In his eloquent autobiographies, abolitionist leader Frederick Douglass described the cruelty he experienced as an African-American slave in Maryland during the early 19th century. But Douglass' descriptions may have been missing some important details about the richness of slave culture at the time.
In a greenhouse on a centuries-old estate where Douglass lived as a young boy, archaeologists have dug up a variety of both mundane objects and strategically placed symbols of spirituality. These artifacts show for the first time that slaves lived in the greenhouse and that they sustained African religious traditions, even as they probably outwardly practiced Christianity.
By analyzing grains of fossilized pollen from the site, researchers were also able to show that the slaves used a corner of the greenhouse to experiment with plants for food, medicinal and household purposes -- beginning what would become an African-American gardening tradition.
Together, the wealth of new discoveries paints the broadest picture yet of the people who slaved away on a well-known plantation for centuries.
"African-American religion in the form of African traditions gave this building a second identity, one that was not described or not known by Douglass," said Mark Leone, an archaeologist at the University of Maryland, College Park.
"This is African-American culture here, both in terms of religion and agriculture, that has traditions that are still alive today," he said. "There was a whole set of concepts, ideas and practices that kept the community whole. That isn't something that could be destroyed through brutality."
The greenhouse, known as the Wye Orangery, was built in 1785. Today, it is famous for its architectural beauty, its rarity and its notable history. It is the only 18th-century greenhouse that remains in North America.
It sits on a plantation, which was founded on Maryland's Eastern Shore by the Lloyd family in the 1650s and has been passed down through nearly a dozen generations of the same family since.
The plantation has been immortalized by the writings of Frederick Douglass, who lived there for a few years around the age of seven.
In his 1845 book "Narrative of the Life of Frederick Douglass," the author, an ex-slave and famous orator and abolitionist, describes his time on the Lloyd plantation as full of fear and outrage. With horror, the young Douglass witnessed beatings and bloody whippings.
Now more than 150 years later, Leone and colleagues are trying to gain a deeper understanding of the slaves who kept the plantation running. For six years, the researchers have been digging on the land and probing its buildings.
In their latest endeavor, they plunged into the greenhouse. As well known as the structure is, its secrets have been long hidden.
"This building has always been known to be a greenhouse and anybody could guess that slaves probably ran the heating system, but nobody could tell if slaves lived in the building or what they did beyond stoking the fire and being the laborers for the enormous surrounding garden," Leone said. "That was how we started."
As they dug below a north-facing back room, the researchers found dishes, teacups, cutlery, buttons and other objects. Those objects identified the area as a slave quarter that was occupied between about 1785 and 1820.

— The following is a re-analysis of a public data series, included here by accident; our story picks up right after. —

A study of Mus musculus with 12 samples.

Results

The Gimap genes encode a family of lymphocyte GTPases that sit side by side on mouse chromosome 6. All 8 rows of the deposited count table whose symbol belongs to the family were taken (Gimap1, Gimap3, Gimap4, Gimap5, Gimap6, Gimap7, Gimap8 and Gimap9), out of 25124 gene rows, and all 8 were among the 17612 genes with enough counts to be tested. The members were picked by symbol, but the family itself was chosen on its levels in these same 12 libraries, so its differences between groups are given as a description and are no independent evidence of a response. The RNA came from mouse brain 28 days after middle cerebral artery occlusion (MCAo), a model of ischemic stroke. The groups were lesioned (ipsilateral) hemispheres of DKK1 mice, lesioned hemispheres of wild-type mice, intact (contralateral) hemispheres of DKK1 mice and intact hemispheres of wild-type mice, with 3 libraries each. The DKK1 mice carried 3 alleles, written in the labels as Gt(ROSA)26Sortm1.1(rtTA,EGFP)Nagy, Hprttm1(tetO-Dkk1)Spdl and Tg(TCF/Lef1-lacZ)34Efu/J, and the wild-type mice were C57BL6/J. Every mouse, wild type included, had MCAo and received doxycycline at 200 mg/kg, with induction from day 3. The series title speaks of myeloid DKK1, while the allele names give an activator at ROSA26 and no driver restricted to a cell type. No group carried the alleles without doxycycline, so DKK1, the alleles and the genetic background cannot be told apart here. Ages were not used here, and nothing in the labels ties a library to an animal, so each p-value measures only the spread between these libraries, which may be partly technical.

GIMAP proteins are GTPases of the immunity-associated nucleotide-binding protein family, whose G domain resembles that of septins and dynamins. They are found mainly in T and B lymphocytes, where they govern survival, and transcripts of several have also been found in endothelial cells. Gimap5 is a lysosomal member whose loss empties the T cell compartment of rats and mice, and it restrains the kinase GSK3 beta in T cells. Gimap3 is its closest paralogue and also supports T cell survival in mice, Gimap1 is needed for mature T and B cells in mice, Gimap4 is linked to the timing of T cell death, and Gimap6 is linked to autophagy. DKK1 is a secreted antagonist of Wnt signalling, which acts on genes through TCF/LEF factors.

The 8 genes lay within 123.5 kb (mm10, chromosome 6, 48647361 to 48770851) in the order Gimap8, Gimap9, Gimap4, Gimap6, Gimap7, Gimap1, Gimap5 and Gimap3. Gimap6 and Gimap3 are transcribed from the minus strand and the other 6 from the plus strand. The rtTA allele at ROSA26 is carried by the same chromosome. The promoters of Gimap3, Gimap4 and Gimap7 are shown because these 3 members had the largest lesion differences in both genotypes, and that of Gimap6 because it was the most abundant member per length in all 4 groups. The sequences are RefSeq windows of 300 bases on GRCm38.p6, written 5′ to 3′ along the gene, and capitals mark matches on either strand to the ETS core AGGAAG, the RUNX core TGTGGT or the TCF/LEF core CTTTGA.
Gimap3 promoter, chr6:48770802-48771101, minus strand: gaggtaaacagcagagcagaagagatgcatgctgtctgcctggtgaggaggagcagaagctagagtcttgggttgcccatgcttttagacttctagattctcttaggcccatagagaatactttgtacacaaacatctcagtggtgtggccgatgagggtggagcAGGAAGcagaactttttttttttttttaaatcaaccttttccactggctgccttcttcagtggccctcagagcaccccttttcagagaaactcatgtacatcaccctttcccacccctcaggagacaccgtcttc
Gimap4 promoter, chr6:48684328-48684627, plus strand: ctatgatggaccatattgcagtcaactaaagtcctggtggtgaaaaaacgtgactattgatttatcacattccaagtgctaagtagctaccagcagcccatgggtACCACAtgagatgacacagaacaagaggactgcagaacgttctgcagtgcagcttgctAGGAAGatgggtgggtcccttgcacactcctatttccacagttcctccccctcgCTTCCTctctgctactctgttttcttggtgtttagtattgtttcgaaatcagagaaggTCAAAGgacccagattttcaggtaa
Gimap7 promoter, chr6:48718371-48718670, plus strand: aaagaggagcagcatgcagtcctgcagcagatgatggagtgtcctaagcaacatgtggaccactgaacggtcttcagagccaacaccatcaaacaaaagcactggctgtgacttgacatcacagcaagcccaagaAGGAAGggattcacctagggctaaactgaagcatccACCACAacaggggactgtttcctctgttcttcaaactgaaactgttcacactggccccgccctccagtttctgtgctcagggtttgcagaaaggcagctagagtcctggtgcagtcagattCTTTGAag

About two inches beneath the doorstep outside the quarter's threshold, they also discovered two projectile points and a coin -- signature objects used in African religious traditions to control the coming and going of spirits.
Inside, they found another religious symbol: A stone pestle mortared into the framework of the furnace by the slaves who built it.
In addition to the religious and everyday objects, the researchers were able to document an extensive series of agricultural trials conducted by the slaves who lived there.
Their experiments began with medicinal plants, including Seneca snakeroot, ginger root and buckbean. They also grew broccoli, bananas and wild greens, as well as shrubs and flowering plants.
By the 1820s, they were cultivating more exotic plants, including lemon and orange trees, irises, lilies and members of the rose and nightshade families. As they labored with seeds and clippings, the slaves gained a wealth of gardening knowledge that they held onto as they gained freedom and left the plantations.
Most studies of plantation greenhouses have focused on the physical layout of the buildings and the kinds of plants that grew there, said Christa Beranek, an archaeologist at the University of Massachusetts, Boston, who has been excavating an 1806 greenhouse in Massachusetts.
By considering the laborers who kept these buildings humming, she said, the new study adds depth to our understanding of the era's greenhouses. In the late 1700s, greenhouses were still relatively rare possessions of elite plantation owners.
There were no manuals for how best to run them. Botanical knowledge came through experimentation and word of mouth.
"The kind of labor it took to run these greenhouses really was constant and very specialized," Beranek said. "As people working in greenhouses gained information on how to care for these plants and build specific structures, they learned what worked and what didn't. The body of specialized knowledge they were amassing might then get shared orally."